Ask Rose, Katie, Kevin, and Raquel in the Gallery what their favorite office supply is. Then, ask them what question visitors have most often. The answer is the same.
Why do you see these spots around The Art League? Red dots on a gallery wall mean simply mean that a piece has sold. Hence why they’re our favorite! By using the red dot, we can indicate a piece is no longer for sale while still leaving it on view for the remainder of an exhibit.
The red dot has a bit of a history. They’ve been used for decades in galleries around the world. Some use a red marker, and some use the sticker. Online, the red dot has mostly disappeared, and pieces in image galleries are just marked “SOLD” — how utilitarian!
If you ever see a yellow dot, by the way, that means a 24-hour hold has been placed by a prospective purchaser.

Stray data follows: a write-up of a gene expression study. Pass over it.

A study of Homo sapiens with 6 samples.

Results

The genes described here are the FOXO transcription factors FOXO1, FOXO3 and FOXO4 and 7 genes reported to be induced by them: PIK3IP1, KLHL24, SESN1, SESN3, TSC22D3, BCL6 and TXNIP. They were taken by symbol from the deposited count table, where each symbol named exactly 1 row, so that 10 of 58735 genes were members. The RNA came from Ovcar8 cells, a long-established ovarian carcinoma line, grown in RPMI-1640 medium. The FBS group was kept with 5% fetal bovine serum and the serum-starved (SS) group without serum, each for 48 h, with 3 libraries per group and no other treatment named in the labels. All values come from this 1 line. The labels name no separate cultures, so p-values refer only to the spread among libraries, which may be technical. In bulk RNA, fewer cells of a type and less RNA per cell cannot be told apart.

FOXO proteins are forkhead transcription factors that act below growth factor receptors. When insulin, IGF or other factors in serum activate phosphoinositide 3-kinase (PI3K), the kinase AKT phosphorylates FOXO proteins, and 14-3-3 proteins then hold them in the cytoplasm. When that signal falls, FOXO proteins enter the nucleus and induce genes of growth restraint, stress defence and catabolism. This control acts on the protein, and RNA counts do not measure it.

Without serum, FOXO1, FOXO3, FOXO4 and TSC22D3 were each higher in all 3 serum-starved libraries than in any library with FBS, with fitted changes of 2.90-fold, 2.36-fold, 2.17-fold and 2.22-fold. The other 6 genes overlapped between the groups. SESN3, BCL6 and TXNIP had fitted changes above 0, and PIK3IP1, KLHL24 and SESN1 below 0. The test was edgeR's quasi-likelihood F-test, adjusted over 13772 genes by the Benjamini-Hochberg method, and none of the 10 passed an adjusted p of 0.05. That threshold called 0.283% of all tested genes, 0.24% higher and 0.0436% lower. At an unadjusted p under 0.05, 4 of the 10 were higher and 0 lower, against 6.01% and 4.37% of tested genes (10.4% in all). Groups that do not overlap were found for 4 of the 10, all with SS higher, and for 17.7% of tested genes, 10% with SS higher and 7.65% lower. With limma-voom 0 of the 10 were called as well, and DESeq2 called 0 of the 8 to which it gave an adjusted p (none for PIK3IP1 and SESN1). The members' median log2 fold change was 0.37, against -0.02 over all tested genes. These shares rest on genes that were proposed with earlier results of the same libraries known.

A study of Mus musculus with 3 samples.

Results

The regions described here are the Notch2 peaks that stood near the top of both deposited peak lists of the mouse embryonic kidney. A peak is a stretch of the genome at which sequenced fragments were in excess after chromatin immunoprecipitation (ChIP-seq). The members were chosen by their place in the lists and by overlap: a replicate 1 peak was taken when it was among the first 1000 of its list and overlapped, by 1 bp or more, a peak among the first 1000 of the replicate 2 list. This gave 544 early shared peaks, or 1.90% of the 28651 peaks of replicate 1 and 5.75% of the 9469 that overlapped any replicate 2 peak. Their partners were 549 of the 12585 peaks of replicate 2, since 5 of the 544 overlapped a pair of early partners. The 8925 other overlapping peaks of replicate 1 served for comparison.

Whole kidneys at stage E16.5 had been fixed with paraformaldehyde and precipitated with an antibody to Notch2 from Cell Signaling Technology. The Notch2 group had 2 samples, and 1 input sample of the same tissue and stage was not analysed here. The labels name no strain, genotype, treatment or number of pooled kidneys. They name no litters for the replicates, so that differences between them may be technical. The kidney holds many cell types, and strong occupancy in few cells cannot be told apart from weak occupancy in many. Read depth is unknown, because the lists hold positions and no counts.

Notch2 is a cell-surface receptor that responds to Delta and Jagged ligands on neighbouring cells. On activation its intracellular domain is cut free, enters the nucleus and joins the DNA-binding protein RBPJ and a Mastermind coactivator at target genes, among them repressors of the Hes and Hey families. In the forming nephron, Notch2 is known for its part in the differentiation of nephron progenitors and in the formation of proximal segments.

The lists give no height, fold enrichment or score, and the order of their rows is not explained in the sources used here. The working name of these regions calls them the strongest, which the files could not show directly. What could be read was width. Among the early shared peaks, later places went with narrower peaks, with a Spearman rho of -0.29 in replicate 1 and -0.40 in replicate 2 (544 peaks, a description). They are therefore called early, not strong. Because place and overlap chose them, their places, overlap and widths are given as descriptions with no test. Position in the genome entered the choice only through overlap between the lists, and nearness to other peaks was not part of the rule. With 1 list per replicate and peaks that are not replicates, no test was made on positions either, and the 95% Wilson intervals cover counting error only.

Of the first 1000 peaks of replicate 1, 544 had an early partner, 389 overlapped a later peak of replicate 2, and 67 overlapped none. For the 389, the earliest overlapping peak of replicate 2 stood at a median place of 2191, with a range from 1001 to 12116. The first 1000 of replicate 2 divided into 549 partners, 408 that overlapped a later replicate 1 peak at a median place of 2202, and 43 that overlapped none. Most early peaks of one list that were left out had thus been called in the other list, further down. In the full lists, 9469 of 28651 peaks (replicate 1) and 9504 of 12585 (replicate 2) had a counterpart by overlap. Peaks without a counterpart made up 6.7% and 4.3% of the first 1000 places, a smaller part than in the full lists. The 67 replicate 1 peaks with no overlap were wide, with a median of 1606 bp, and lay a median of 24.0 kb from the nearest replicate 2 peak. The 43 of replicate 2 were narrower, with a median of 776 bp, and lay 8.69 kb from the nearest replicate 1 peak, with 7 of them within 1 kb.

For all that history, the dot’s origins are mysterious. None of the gallery owners we contacted knew why we use red dots — and not, say, a gold star. But we do have some theories!
- Red stands out on white gallery walls
- Red markers and labels are common and easy to find
- Red intuitively means “stop, it’s already sold”
- Somebody used a red sticker one day and it just … stuck (sorry)
- The red dot archetype has been passed down from our ancestral artists
Robert-Jean Ray, curator at Red Dot Gallery in Sacramento, reports it’s an American gallery tradition that can probably be dated to the height of the art market back in the late 1950s. Colin from the Red Dot Gallery in Norfolk, England shared his experiences in Japanese art galleries, where sales are conducted differently and red dots aren’t used. You also won’t see them in high-end London galleries, which may simply remove the information card or not use one in the first place.
Any theories from our readers? Happy memories of red dots? We’d love to hear them! Whatever the reason, now you know why red dots make galleries everywhere feel warm and fuzzy.